Leonardo da Vinci (1452-1519) is well known around the world as an artist. Millions of people every year flock to the Louvre Museum in Paris, France, to get a glimpse of his painting the "Mona Lisa." His sketch of "The Vitruvian Man" changed the way people use proportion in art. His depiction of Christ and his disciples, "The Last Supper," even influenced the plot for the immensely popular best-selling book by Dan Brown, "The Da Vinci Code."
But Leonardo isn't called the ultimate Renaissance man without reason. He didn't just paint -- he was also a sculptor, an anatomy expert and an engineer, and he managed to predict the steam engine, the tank and the submarine.
During his 30s, Leonardo also took a great interest in flight, and by about 1505 had collected around 20 years of theory on flight. It is around this time that some think Leonardo built a complex ornithopter, a machine with flapping wings that closely mimicked the anatomy of birds.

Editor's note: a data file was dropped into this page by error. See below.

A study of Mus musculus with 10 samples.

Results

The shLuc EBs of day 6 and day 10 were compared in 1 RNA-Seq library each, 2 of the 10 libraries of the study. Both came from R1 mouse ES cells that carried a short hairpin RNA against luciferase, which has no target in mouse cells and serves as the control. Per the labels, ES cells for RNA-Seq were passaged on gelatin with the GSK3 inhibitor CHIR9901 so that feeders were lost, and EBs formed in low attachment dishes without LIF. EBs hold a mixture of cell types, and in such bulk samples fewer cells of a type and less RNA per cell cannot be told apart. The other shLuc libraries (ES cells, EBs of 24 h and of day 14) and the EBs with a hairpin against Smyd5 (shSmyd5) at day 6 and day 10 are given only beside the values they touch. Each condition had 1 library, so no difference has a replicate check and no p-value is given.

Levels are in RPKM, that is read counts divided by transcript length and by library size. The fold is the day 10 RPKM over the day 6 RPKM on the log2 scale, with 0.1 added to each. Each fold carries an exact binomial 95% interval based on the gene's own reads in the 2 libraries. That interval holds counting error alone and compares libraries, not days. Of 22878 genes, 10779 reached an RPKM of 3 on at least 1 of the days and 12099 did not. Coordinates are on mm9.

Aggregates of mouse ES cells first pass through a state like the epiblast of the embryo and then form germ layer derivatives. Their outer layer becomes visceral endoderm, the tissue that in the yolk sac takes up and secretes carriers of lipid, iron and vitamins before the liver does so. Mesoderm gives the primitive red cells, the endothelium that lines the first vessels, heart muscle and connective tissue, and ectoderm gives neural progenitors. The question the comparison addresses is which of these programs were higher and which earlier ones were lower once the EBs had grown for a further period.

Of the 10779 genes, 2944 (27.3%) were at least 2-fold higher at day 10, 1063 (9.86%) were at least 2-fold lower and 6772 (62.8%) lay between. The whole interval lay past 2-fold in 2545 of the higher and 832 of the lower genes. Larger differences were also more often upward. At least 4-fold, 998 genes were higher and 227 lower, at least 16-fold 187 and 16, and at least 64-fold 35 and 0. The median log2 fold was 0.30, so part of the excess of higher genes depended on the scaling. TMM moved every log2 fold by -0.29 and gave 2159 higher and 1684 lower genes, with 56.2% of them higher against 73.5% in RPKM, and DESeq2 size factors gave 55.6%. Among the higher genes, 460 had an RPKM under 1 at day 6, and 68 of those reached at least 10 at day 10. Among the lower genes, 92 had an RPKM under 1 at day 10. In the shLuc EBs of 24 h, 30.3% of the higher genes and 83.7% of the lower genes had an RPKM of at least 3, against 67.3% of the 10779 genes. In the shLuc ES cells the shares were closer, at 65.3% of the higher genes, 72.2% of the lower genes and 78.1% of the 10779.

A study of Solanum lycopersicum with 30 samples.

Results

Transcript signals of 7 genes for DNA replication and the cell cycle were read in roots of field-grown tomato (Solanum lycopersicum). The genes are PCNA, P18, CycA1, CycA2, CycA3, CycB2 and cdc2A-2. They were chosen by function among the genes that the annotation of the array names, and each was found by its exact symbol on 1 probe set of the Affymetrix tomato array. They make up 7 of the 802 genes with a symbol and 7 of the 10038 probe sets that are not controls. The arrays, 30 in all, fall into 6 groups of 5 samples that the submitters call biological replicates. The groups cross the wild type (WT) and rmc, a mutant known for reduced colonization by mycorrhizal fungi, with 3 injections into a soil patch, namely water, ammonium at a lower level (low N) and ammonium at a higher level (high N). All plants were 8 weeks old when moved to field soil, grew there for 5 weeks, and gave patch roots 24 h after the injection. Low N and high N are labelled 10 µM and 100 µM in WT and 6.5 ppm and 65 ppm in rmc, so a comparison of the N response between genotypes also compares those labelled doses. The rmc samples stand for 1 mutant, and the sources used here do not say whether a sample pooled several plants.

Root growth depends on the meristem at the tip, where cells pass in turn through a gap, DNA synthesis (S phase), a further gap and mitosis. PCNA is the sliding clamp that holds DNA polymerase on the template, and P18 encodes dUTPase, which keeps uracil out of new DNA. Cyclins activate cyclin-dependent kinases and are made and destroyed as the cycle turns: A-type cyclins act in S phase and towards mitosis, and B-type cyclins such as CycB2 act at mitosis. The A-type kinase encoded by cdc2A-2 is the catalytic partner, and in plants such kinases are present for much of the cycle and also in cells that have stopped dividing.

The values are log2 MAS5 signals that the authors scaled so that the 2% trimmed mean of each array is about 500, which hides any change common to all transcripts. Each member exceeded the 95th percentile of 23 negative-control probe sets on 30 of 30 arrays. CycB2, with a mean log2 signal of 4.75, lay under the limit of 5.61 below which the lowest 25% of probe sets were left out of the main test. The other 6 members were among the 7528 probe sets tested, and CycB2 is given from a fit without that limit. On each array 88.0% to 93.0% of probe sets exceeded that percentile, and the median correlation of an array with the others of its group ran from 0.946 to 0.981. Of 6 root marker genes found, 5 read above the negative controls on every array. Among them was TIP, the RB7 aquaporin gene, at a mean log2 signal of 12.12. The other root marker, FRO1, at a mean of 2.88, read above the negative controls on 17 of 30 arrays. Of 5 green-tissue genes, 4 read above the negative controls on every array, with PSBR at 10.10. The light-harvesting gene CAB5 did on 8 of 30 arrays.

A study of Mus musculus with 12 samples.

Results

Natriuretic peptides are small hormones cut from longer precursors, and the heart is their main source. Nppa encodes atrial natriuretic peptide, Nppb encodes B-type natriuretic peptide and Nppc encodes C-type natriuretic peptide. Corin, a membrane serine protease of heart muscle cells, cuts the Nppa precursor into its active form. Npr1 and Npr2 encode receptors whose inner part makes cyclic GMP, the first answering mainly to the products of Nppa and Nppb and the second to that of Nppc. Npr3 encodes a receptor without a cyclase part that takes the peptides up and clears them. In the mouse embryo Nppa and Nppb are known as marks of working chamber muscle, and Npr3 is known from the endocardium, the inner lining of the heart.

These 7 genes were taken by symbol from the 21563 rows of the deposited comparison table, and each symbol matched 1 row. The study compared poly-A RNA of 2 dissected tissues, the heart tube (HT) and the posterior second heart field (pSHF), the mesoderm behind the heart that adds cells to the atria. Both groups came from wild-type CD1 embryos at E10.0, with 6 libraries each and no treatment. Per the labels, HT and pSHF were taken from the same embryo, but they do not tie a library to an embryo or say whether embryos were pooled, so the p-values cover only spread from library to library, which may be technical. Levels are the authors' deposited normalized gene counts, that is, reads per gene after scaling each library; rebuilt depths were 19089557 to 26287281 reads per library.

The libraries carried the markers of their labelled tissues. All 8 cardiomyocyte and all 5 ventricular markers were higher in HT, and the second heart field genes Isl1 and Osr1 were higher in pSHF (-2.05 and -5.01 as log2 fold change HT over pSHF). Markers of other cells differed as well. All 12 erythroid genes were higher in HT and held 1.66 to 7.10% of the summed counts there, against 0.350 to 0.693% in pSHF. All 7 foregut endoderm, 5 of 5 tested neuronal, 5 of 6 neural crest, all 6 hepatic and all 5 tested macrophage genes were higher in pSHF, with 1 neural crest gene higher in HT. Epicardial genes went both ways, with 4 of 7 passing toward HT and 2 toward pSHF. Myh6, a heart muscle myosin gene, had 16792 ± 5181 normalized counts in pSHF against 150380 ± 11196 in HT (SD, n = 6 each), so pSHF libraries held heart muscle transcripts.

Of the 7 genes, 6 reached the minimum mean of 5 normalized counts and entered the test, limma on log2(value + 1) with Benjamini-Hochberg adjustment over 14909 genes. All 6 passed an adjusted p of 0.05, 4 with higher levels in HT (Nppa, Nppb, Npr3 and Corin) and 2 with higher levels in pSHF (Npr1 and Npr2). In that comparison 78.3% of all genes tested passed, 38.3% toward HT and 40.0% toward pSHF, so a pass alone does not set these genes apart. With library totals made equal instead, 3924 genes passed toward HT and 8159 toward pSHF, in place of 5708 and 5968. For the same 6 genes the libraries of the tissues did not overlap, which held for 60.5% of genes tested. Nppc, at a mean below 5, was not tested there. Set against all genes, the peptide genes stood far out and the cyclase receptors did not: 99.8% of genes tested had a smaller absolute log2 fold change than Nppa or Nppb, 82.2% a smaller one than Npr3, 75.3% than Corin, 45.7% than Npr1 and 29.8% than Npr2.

No one really knows if Leonardo actually built a model of and tested his ornithopter. Many of his designs remained on paper during his lifetime and weren't built until much later; a working model of his primitive version of the car, for instance, wasn't actually constructed until 2004 because of a misunderstanding of the sketches. In 1550, however, one of Leonardo's associates, Cardanus, wrote that he had tried "in vain" to get the ornithopter off of the ground, so there's a possibility that the Renaissance man took his machine for a few disastrous spins.
Some of Leonardo's contemporaries couldn't quite figure out how to get off the ground, either. To learn about two of them, read the next page.